Phantom Tales of The Night Volume 12: What Makes A Person?



It’s a bit of a silly question to pose when this series deals with the intersection of humanity and the supernatural, but it’s ultimately what the series aims to force its readers to question. Through twelve volumes, Phantom Tales of The Night pushes readers towards reflecting upon what makes someone human. Is it the secrets they attempt to hide? Could it be the memories and history that they can’t seem to let go of? Their ever changing nature? There’s plenty of aspects in the series that force readers into lingering on those thoughts. As much as any series is about the journey, or some end goal, all invariably embody something. Something that the creator wanted to share, something that they wanted to explore or express, something that they wanted to challenge readers with.

Oftentimes, that “something” is rather explicit. With this final volume of Phantom Tales of The Night, it both is and isn’t. This volume makes Matsuri’s (the author) “something” much more visible, but it only becomes so thanks to the culmination of all the various events laid before readers. It is this final act that is able to draw everything together into a single idea, “What makes a person?”. It’s a tricky question to answer, but in their own way, Matsuri has chosen their answer, much like the characters of this series chose their fates in this final volume.

If you’re forced into providing a written translation of Matsuri’s definition of a person in Phantom Tales of The Night, it would look something like the following.

Being a person is to be afraid. Afraid of what others will think of you, of how they’ll treat and interact with you because of who (or what) you are. Because of that, the secret appeared as a coping mechanism. A way for a person to hide away their darkest selves that they believe society will deny and ridicule. A way for them to preserve their lives the way things are, they way they’ve always existed in their minds.

But at the same time, a secret can only be a secret if someone else in the world knows what it is. You yourself cannot create a secret, and are forced to do so by sharing with another- a deeply personal bond. A bond, that must be handled with care, as you cradle the life of another in your hands. It is here that Matsuri defines a person; the bond that appears between two existences when something never uttered elsewhere can exist. Therefore, a secret is what Matsuri argues is able to define a person, and I find that a really powerful interpretation.

I think one of the best examples of how Matsuri wields that definition of humanity is in the first volume with a story that features Butterfly in the owner’s place. It’s a story about twin sisters where one resents the other so much that she wishes they could trade places. Here, rather than carefully cradling the woman’s secret, Butterfly uses it against her. The woman becomes her sister, but still remembers her past as her original self. In a sense, it’s very intense psychological horror, but more than that, it’s an erasure of the self. Here, the woman shares her secret- one that defines her current self. In the hands of Butterfly however, the secret is effectively crushed, lost to time as the woman is forced into leading a life that atomizes her humanity, creating a shell of a person.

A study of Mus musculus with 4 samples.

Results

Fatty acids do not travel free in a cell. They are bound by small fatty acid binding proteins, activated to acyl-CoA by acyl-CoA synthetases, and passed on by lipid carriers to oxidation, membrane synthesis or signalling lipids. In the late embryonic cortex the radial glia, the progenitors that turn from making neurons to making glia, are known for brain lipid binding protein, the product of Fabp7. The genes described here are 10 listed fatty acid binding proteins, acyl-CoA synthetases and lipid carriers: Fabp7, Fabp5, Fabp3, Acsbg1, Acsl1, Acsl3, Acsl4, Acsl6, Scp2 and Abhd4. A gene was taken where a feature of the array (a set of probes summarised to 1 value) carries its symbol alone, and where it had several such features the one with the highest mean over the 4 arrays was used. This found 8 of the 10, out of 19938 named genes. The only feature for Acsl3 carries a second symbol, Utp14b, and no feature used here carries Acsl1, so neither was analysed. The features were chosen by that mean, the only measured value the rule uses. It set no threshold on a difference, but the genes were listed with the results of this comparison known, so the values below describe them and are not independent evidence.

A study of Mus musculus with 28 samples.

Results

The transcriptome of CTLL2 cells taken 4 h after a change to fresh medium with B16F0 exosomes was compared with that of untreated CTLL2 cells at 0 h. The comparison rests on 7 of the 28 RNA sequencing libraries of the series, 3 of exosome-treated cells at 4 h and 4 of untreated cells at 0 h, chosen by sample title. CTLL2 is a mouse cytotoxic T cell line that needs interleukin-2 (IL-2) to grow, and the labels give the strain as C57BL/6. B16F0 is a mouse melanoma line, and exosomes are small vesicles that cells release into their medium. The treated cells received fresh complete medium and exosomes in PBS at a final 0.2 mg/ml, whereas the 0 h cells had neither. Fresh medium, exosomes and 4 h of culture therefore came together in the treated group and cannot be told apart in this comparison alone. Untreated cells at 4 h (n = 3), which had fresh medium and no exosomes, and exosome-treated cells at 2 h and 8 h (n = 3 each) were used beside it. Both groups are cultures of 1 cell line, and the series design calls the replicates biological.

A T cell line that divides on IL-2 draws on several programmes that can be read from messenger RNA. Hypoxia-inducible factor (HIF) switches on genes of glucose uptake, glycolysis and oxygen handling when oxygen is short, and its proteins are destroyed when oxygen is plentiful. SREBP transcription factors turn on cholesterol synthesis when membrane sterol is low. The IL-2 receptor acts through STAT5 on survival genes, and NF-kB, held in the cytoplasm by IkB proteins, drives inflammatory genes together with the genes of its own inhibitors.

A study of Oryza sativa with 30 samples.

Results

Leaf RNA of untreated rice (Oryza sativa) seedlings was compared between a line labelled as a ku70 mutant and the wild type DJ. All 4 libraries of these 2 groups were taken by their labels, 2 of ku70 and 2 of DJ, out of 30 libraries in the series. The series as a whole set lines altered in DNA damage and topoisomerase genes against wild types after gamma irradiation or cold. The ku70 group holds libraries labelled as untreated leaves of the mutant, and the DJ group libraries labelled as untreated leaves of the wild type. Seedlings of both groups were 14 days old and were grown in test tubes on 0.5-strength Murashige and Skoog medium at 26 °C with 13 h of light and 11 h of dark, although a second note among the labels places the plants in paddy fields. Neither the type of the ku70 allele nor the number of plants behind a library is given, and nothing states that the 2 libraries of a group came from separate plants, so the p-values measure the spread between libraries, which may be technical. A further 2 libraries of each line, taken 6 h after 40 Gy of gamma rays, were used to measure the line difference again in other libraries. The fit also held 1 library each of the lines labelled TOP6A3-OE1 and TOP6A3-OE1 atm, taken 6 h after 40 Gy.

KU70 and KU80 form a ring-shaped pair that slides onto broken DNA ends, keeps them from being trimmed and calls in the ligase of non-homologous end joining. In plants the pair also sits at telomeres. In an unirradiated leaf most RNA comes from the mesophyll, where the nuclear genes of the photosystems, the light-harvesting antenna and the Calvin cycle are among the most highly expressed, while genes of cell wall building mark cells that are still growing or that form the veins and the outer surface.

It’s very powerful commentary, and it sees countless examples throughout the series as we slowly shift towards sharing secrets that define a person, rather than destroy. It’s a very interesting transition to make, all the while being able to maintain the psychologically disturbing aspects intact. Truly impressive, personally speaking. The series forms a flawless gradient from disturbing, to defining, and ultimately ends at desire.

I entirely understand that I’ve largely avoided talking about the contents of this final volume of Phantom Tales of The Night, and in a way it’s intentional. This final volume really doesn’t provide any startling revelations or anything of the sort. It is entirely dedicated to bringing character arcs to a close, and placing Matsuri’s complete definition of humanity in front of the reader. Rather than something that is relayed, I strongly believe it should simply be experienced.

To bring this rambling to a close, Phantom Tales of The Night is a series I’m sure more than a few people out there will enjoy. At a reasonable length, and without ever losing sight of its purpose, it is a series that forces readers to question it. Full of horror and beauty mixed together, it’s certainly an unforgettable read, and has me eagerly awaiting Matsuri’s next work- whenever that may appear. Also, the covers for the series are incredibly pretty.